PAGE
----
Opinion: Finding Your Role In Climate Action – A Quiz
Love, Justice, And Climate Change
Taking action on climate is clearly important. It’s important to solving the climate crisis. It’s important in helping each of us feel more purposeful and less despairing and hopeless about climate. But lots of people don’t know what to do. Street protest isn’t for everyone, neither is lobbying your state legislators.
Now two climate author/activists have designed an engaging “quiz” that leads the reader through a series of options that helps you identify what sort of climate action might best fit your preferences and personality. The quiz became available on the Yale Climate Connections website in October 2022. It’s reminiscent of the simple identification keys that are available for helping to identify flowers. It asks you items like these:
- Are you ready to act, or do you need a little encouragement?
- Are you happiest when you are working for something or against something?
- Do you like to act alone, or are you ready to join with other people?
- Does climate injustice concern you most, or environmental devastation?
At each step you are offered two statements and you choose the one that best describes you. Your choice determines where the quiz sends you next–almost like a “choose-your-own-adventure.” When you arrive at your “personal climate calling” the authors present multiple options for getting involved with links to organizations to work with and other helpful suggestions.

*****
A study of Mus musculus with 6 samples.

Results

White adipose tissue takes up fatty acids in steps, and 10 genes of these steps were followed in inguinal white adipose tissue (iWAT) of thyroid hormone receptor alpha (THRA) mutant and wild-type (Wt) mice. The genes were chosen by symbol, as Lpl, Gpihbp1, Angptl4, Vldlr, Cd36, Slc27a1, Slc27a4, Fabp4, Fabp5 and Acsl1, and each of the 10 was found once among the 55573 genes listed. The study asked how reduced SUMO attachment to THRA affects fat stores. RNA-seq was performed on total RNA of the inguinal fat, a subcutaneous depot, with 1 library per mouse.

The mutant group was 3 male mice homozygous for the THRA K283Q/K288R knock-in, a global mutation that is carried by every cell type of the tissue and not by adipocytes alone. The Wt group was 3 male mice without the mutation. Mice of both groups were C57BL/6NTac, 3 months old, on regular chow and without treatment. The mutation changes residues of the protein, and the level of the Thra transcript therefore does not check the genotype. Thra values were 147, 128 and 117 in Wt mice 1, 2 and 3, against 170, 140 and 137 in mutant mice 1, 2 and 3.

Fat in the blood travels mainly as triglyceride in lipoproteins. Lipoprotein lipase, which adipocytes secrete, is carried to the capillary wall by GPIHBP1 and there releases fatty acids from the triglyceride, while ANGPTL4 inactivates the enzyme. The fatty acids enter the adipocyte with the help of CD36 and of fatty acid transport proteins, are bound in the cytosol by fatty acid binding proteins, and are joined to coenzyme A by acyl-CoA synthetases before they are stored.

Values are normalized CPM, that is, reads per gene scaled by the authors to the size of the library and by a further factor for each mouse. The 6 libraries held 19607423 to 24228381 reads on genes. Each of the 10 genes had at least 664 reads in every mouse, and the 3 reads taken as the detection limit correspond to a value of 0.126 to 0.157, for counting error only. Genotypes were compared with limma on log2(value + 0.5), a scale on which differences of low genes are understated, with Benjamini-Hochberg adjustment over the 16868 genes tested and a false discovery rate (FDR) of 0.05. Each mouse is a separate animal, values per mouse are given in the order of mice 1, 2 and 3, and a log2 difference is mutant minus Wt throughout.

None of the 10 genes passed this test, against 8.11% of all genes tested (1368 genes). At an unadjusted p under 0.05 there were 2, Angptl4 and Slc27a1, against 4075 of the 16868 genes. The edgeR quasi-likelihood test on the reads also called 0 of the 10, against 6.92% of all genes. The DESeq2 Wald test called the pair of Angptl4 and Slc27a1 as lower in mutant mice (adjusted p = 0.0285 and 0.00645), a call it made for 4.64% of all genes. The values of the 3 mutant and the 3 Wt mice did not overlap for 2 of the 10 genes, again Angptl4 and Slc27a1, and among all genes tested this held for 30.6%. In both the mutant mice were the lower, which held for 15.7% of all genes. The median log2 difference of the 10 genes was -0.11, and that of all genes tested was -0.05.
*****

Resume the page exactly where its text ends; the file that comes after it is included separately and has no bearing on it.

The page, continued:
Most people seem to enjoy both the structure and the friendly, supportive tone of it. I did it once picking my own options (about 5 minutes); and then I read through it all (15-20 minutes). I was glad I did both. Each of the many end points offers so many good and varied ideas for getting involved in helping to solve the climate crisis. I’m going to keep this blog post short so you have time to try the quiz now.
One Item Of Good Climate News
A new analysis conducted for the well-respected Carbon Brief website finds that the recent victory of the Brazilian presidential candidate known as “Lula” could cut Brazilian Amazon deforestation by 89%. This would be a tremendous change after the climate-destroying policies of the ousted president Jair Bolsonaro. Brazil is currently the sixth largest emitter of greenhouse gases of all nations in the world.
Russ Vernon-Jones was principal of Fort River School 1990-2008 and is currently a member of the Steering Committee of Climate Action Now-Western Massachusetts. He blogs regularly on climate justice at www.russvernonjones.org.